What does work against human trafficking mean to you in your context and what are the biggest challenges?

Human trafficking in Argentina is mostly sexual exploitation and labor exploitation. The former has worsened during the pandemic these last two years. Many women have returned to the street, standing on street corners, because there is no other source of work. Many others have resorted to virtual pages, such as Onlyfans. Recruitment has mostly come through digital media. As in the rest of the world, men are the main exploiters of women and girls. Though there are laws that punish these crimes in Argentina, the penalties are still derisory (in the event that the person is brought to trial) or the judiciary is complicit in such exploitation.

The biggest challenge for me is to help individuals in vulnerable situations avoid recruitment. That is why it is vital to train in prevention, visualization, and sensitization against trafficking. This includes working with children, adolescents and young people so they learn to take care of themselves and recognize the possible risks they face, especially in social networks in which they are present.  Another challenge remains to train the Church itself and the different religious families on this issue. How do we provoke indignation and, as a consequence, a bold response in the Church as a whole in the face of this fragile situation? It is urgently needed to provoke a dialogue in which all our practices are reviewed, especially in vocation ministry and in formation and seminaries.

Share some of your most beautiful and painful experiences in working with and accompanying victims and survivors of trafficking

Since mid-2020, I have been collaborating with the Oblate Sisters in Montevideo, CasAbierta. My volunteering consisted of helping women to improve their literacy and math skills so that they can get their primary education certificate. Twice a week I work with them; due to the pandemic context, the classes were one-on-one. 

The women, before or after my workshop, receive psychological or social support from professionals. Feeling like part of a process where women were helped to build their life plans is very healing for me. To recognize that I am part of their lives, but at the same time alien to them. And to see how little by little they make small achievements, advances to obtain a healthier and more independent life.

I believe that the greatest pain is the feeling of frustration that comes from not seeing the progress that one would expect once they manage to get out of exploitative situations. Once, talking to a sister, she told me: "we all have that superhero complex inside us that believes we will rescue all the victims and that, at the same time, they will build a life plan where they will always be grateful to us". If we add to this the aspect of being a man, the complex is even more accentuated. Working with women in situations of prostitution or violence has helped me to understand that I am neither better nor worse than them; that they and I are simply learning together to overcome difficulties. Perhaps I may have more tools to do so, and the challenge will be to continue learning to accompany without invading; helping the other person to choose freely what he/she wants for his/her life, but knowing how to support those decisions with healthier relationships.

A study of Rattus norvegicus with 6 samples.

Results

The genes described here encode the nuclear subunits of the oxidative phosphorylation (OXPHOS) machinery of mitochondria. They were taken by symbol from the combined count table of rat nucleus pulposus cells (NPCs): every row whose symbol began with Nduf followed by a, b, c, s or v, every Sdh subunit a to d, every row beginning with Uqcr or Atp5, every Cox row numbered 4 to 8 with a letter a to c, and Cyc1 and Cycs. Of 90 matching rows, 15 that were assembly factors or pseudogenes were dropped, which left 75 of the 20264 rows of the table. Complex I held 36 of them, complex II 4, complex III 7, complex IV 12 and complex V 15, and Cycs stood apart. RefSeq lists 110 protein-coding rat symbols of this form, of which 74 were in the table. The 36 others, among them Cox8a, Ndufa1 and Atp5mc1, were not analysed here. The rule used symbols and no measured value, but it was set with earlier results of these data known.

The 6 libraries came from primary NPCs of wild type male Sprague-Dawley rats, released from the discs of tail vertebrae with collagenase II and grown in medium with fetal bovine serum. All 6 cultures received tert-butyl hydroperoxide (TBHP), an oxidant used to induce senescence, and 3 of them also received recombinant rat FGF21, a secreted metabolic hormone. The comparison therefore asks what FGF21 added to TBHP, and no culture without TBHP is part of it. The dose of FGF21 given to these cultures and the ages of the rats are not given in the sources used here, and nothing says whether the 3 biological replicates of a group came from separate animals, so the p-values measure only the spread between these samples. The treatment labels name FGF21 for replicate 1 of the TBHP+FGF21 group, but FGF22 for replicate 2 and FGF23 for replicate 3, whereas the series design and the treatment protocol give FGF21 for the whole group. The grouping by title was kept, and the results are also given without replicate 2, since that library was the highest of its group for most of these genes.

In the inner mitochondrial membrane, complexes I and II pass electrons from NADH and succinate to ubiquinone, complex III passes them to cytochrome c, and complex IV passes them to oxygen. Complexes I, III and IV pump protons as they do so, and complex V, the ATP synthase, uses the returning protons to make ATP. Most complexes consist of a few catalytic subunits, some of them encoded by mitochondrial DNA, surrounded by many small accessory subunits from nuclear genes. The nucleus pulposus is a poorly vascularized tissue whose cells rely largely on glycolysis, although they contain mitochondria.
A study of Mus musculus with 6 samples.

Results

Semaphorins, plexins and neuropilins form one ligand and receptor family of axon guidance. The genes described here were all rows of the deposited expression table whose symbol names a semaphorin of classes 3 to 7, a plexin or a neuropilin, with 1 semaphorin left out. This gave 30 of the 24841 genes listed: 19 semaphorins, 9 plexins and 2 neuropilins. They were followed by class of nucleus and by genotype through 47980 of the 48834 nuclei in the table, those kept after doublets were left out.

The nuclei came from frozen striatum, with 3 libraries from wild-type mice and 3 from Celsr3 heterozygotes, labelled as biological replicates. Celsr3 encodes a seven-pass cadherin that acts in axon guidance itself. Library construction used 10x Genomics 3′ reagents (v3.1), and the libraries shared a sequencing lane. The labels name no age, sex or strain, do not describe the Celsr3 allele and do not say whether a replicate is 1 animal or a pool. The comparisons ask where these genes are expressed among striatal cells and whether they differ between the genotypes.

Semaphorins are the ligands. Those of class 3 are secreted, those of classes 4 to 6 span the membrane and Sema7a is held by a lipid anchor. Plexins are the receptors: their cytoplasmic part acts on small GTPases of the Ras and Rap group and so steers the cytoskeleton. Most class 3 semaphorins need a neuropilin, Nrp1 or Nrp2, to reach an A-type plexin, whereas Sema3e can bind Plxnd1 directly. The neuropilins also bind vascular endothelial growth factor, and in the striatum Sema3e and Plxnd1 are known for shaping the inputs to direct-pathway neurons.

What have you learned and what do you carry in your heart in your fight against trafficking?

The biggest lesson learned is being grateful to my network sisters. It is not easy to be a man in an almost exclusively feminine space. I don't feel unique or special, it would be too arrogant to think so. But my sisters accept me as I am and teach me that it is important to involve everyone in the fight against trafficking. They have helped me, and continue to help me, to listen, to be patient, and to believe that another life is possible for victims.

Women victims have also taught me to value and accept them. I think the fear of being rejected for being a man or being labeled as an exploiter is still in me. But, just as they did not do it with me, I cannot let myself be guided by prejudices or by the "what ifs".  They continue to lead me down a path of humility and empathy for them and their struggles.

You are training to be a Talitha Kum leader against human trafficking

Participating in the third edition of Talitha Kum's leadership course urges me to be part of a global community of sisters and lay people fighting against trafficking. When listening to sisters from other continents, I can recognize the same struggles, frustrations, and triumphs.

Personally, it is a great challenge to continue to assume the commitment to make visible and train against human trafficking. In Latin America we feel more connected globally thanks to our work over the last three  years. If we also add the possibility of carrying out a collaborative project this year, the possibility of reaching more adolescents and young people increases. We should, and we need to carry forward the "Call to action" that Talitha Kum created. The formation of a fairer world without trafficking is a task for all of us.